Companies know they need to innovate. That includes coming up with new processes, products, and offerings constantly to stay ahead of the pack. The fear is that if you sit idle and offer the same things year after year, you will become irrelevant or be eaten by those that innovate. So then why don’t more companies invest in innovation? It’s been proven that innovative companies’ stock sells for a premium. (Dyer & Gregersen, 2011) So, I’ll ask again. Why don’t more companies invest in innovation?
One issue is that a lot of companies don’t know how to define innovation. Though about another topic altogether, I often think of United States Supreme Court Justice Potter Stewart when he said, “I shall not today attempt further to define… but I know it when I see it.” I think a lot of us are in this boat when it comes to innovation. We don’t really know how to truly define innovation, but we know it when we see it. Part of the hardship in defining innovation is that it has become such a buzzword. It’s been applied to so many things that we’re not sure who or what is right. We’ve lost sight of its meaning.
For me, innovation should be a term we apply to a process, product, or an offering. Innovation should not be applied to a person or team. Innovation should not be applied to an idea. Whoa. Let’s pause for a second. Aren’t new ideas what we’re after with innovation? No! Helen Keller once said, “Ideas without action are useless.” An idea is just an idea. I can come up with the greatest idea in the known universe, but if I just think it and move on, it has no value and is meaningless. Yes, it all starts with an idea, but innovation occurs in the doing, not thinking. As I said, the term innovation should be applied to a process, product, or an offering.
Not knowing how to define innovation isn’t the main issue though. If you have an idea of what you feel innovation is and are applying that to what you do, you’re on the right track.
Another problem companies and people face when it comes to innovation is fear. Fear is an all-consuming emotion. Fear blinds us from getting to what we need and want to be doing. With fear, nothing can be accomplished. So how do we remove fear? We accept it. We inspect it. We call it out! Let’s call these fears “death threats,” because that’s what they feel like at times. “They could kill my accomplishments, my budget, my company!” If we look closer, though, those fears, those death threats, are only constraints. It’s okay to have constraints. If we only have a certain amount of time, budget, or what have you to put towards an innovation mindset, then call those out and stick to them. What we cannot do is let those fears put us in a box. We cannot let those fears blind us or bind us into doing nothing.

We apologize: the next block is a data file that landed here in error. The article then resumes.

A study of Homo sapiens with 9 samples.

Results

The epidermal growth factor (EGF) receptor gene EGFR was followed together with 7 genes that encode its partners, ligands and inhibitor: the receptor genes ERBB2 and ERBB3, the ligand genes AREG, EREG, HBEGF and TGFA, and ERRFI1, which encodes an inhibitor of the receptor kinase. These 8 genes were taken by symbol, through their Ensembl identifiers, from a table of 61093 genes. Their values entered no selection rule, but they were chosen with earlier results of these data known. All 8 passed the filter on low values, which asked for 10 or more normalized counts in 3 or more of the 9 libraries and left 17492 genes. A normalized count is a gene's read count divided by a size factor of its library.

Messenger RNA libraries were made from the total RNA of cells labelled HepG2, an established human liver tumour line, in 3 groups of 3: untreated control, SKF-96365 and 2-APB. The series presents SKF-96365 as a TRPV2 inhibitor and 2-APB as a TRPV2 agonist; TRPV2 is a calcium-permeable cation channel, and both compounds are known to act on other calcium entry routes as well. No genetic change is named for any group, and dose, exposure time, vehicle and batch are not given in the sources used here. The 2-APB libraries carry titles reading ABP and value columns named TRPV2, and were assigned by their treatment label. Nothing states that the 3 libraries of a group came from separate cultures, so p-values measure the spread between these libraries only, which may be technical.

The list could go on and on about issues we face when coming up with innovative processes, products, or offerings. What’s the real issue? What’s the main thing we are doing wrong with innovation? We’re letting things like a definition or fear stop us from even starting. So, let’s inspect what we do at every level. Let’s apply some Design Thinking principles to our every day. Design Thinking is a creative process used to solve business challenges. There are many different flavors of Design Thinking, but most have five main pillars: empathize, define, ideate, prototype, and test. Let’s use these pillars with everything we do. Let’s empathize with our users, define the issues our users face, ideate on different ways to meet those needs, explore those new ideas with prototypes, and prove out those prototypes by testing them. Creativity and this mindset are a skill, and practicing it will only make us stronger. Stop thinking about it and start creating!
If you are unsure of how to get started or would like to discuss, please reach out. I would love to help! Sogeti has some great people that can help integrate this mindset. Looking for a quick start for just one project? Ask me about our Thinkubator, our six to nine-week process for creating a minimum loveable product for your users.
Dyer, J., & Gregersen, H. (2011, 10 20). The Innovation Premium: Our Methodology. Retrieved from forbes.com: https://www.forbes.com/sites/innovatorsdna/2011/10/20/the-innovation-premium-our-methodology/#7f82c6785c48
About Joseph Langley
Joe Langley is a manager-consultant with Sogeti Southwest Ohio Unit in the USA. Joe’s focus with clients is on delivery. With training and certifications in Scrum, Kanban, and SAFe as well as utilizing his knowledge in Design Thinking and Innovation Engineering to help take clients projects to the next level. Internally, Joe created and leads The Epiphany series. An education-based business challenge series to help teach consultants new skill while creating innovative solutions to challenges that different industries face.